Wednesday, October 21, 2015


Monte Jacobson photo
Ieva Ohaks, Seattle Opera’s Costume Stock and Rental Coordinator, loves Halloween. This year, she's holding a “Medieval Fairy Tale” Halloween party, the theme of which was selected largely because everyone in her household got costumes from the old Lohengrin production at a Seattle Opera costume sale. ("We are so excited to show them off!"). Last year, it was a murder mystery/detective theme, and Ieva was Mrs. Peacock. Her dog was Colonel Mustard. 

The keeper of Seattle Opera's costume stock kingdom hopes to help you make the most out of Halloween. So this week, she's sharing some ideas for costumes inspired by iconic opera characters. These costumes will be easily recognized by opera fans, (but everyone will be able to appreciate them!). Cook up these do-it-yourself looks with thrift-store finds or items from your home. They can be created without sewing skills.

Opera Inspiration: Tosca 
The traditional Tosca is set in 1802, so the fashions are “Napoleonic” or “Empire.” The diva's most iconic look is for the second act, when she confronts the sadistic Baron Scarpia after singing for the dignitaries of Rome. She is wearing a spectacular gown, and it is usually—but not alwaysred.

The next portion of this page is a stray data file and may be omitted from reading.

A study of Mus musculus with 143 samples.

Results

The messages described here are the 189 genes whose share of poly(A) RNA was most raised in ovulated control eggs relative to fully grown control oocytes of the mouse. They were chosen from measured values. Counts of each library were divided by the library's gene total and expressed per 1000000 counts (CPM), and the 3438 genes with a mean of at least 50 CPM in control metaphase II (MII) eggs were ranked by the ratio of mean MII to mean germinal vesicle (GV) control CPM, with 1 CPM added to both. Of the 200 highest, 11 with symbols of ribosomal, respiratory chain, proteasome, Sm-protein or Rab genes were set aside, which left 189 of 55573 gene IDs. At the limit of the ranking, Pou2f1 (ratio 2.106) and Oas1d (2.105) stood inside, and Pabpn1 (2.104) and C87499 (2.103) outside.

Ieva Ohaks drawing; Elise Bakketun photo 
  • Updo with tiara. 
  • Tiara, earrings and necklace: you might find something suitably sparkly at a teen accessory shop if you can't find a thrift-store source. 
  • Look for a long, straight gown with a high empire waist (or add a ribbon or metallic belt to a gown with no waistline) Short puffy sleeves are best. 
  • Long and rectangular; opulent. 
  • (Thrift store tip: look in the Housewares area for luxurious throw blankets or curtains—it's a good way to get a large enough piece of fabric). 
  • Above the elbow. 
Tosca's Iconic prop:

Elise Bakketun photo
  • The dagger, of course! Costume shops have all kinds of fake daggers. If you want to be scary, you can use one with fake blood, and even paint fake blood onto your gloves (ahead of time, so it has time to dry!) 
Mario Cavaradossi—Tosca's beloved, a painter
Ieva Ohaks drawing; Elise Bakketun photo
  • Tousled and styled forward. 
  • A little sideburn looks period. 
Oversized smock:
  • Dress shirt (gray, drab blue or beige work well) with a not-too-pointy standard collar. Turn the collar up. 
  • Add paint splotches. 
  • A long, supple, narrow scarf tide outside the collar to hold the collar up. Tie in a soft loose bow or a simple knot. 
  • Trim-fitting light tan trousers work well for the period. 
  • Option 1) Boots, ideally a slim riding-style boot, trousers tucked in. 
  • Option 2) Unobtrusive slip-on dress shoes; smooth toecap is best. 
Elise Bakketun photo
(Baron Scarpia is a thrilling sinister character, too; anyone who can get hold of a 1802 frockcoat suit doesn't need advice from me!)